The Illinois Senate passed a bill early 1 September that aims to prevent closure in autumn of the Byron and Dresden NPPs. The legislation will now go to the House but it remains uncertain whether the chamber will bring it to a vote. The Senate voted 39-16 to pass a wide-ranging energy bill, with two senators voting “present.” The bill contains $694 million in carbon mitigation credits for nuclear plants which generate virtually emissions-free electricity.

Exelon Generation, owner and operator of the NPPs, said in July unless the legislation is adopted, it will file Post Shutdown Decommissioning Activities Reports (PSDARs) with the Nuclear Regulatory Commission (NRC), detailing long-term site restoration plans for both stations after they shut down. The Byron NPP, comprising two pressurised water reactors with capacities of 1164MWe and 1136MWe will close in September 2021, and the two unit Dresden plant with two boiling water reactors with capacities of 894MWe and 879MWe in November 2021. Dresden is licensed to operate for another decade and Byron for another 20 years.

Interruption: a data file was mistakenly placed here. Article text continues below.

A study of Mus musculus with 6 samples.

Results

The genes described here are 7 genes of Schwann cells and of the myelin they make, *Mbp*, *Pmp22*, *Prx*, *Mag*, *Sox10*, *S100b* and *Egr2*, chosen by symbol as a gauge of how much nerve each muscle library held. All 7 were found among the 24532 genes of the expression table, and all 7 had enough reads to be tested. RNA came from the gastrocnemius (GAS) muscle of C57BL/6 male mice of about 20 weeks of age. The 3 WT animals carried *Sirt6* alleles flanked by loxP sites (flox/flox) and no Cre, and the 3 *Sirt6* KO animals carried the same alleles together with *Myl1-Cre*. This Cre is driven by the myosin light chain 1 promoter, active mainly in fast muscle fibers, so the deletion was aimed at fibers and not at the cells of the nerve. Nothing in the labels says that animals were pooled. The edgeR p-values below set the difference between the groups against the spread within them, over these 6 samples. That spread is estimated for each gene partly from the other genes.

With just weeks to go before the first of the plants permanently closes, policymakers continued working on legislation that would preserve the plants as part of a comprehensive plan to maintain and grow clean-energy jobs, keep energy bills affordable and achieve net-zero emissions by 2050. Illinois Governor JB Pritzker, a Democrat, said in a statement his “office looks forward to working with members of the House to finalise an energy package that puts consumers and climate first”.

Gina McCarthy, President Joe Biden’s climate adviser, has said some existing NPPs are “absolutely essential” if the USA is to achieve its goal of decarbonising the electric grid by 2035. Incentives are included in the infrastructure bills being considered by the US Congress, but Exelon said these would come too late to save Byron and Dresden.

Negotiations have been ongoing for years on the deal that includes a bailout for NPPs, closure of coal-fired plants, investments in wind and solar energy and ethics measures in the wake of a utility bribery scandal involving Exelon subsidiary Commonwealth Edison. Previous attempts have hit obstacles, including a dispute earlier this summer between unions and environmental groups. The proposed legislation  faces an uncertain future as the House adjourned hours before the Senate without considering it has set no date to return. Any House changes would then have to go back to the Senate for approval. Moreover Pritzker is seeking further amendments to the legislation.

“The governor’s office looks forward to working with members of the House to finalise an energy package that puts consumers and climate first,” Pritzker's spokeswoman Jordan Abudayyeh said in a statement.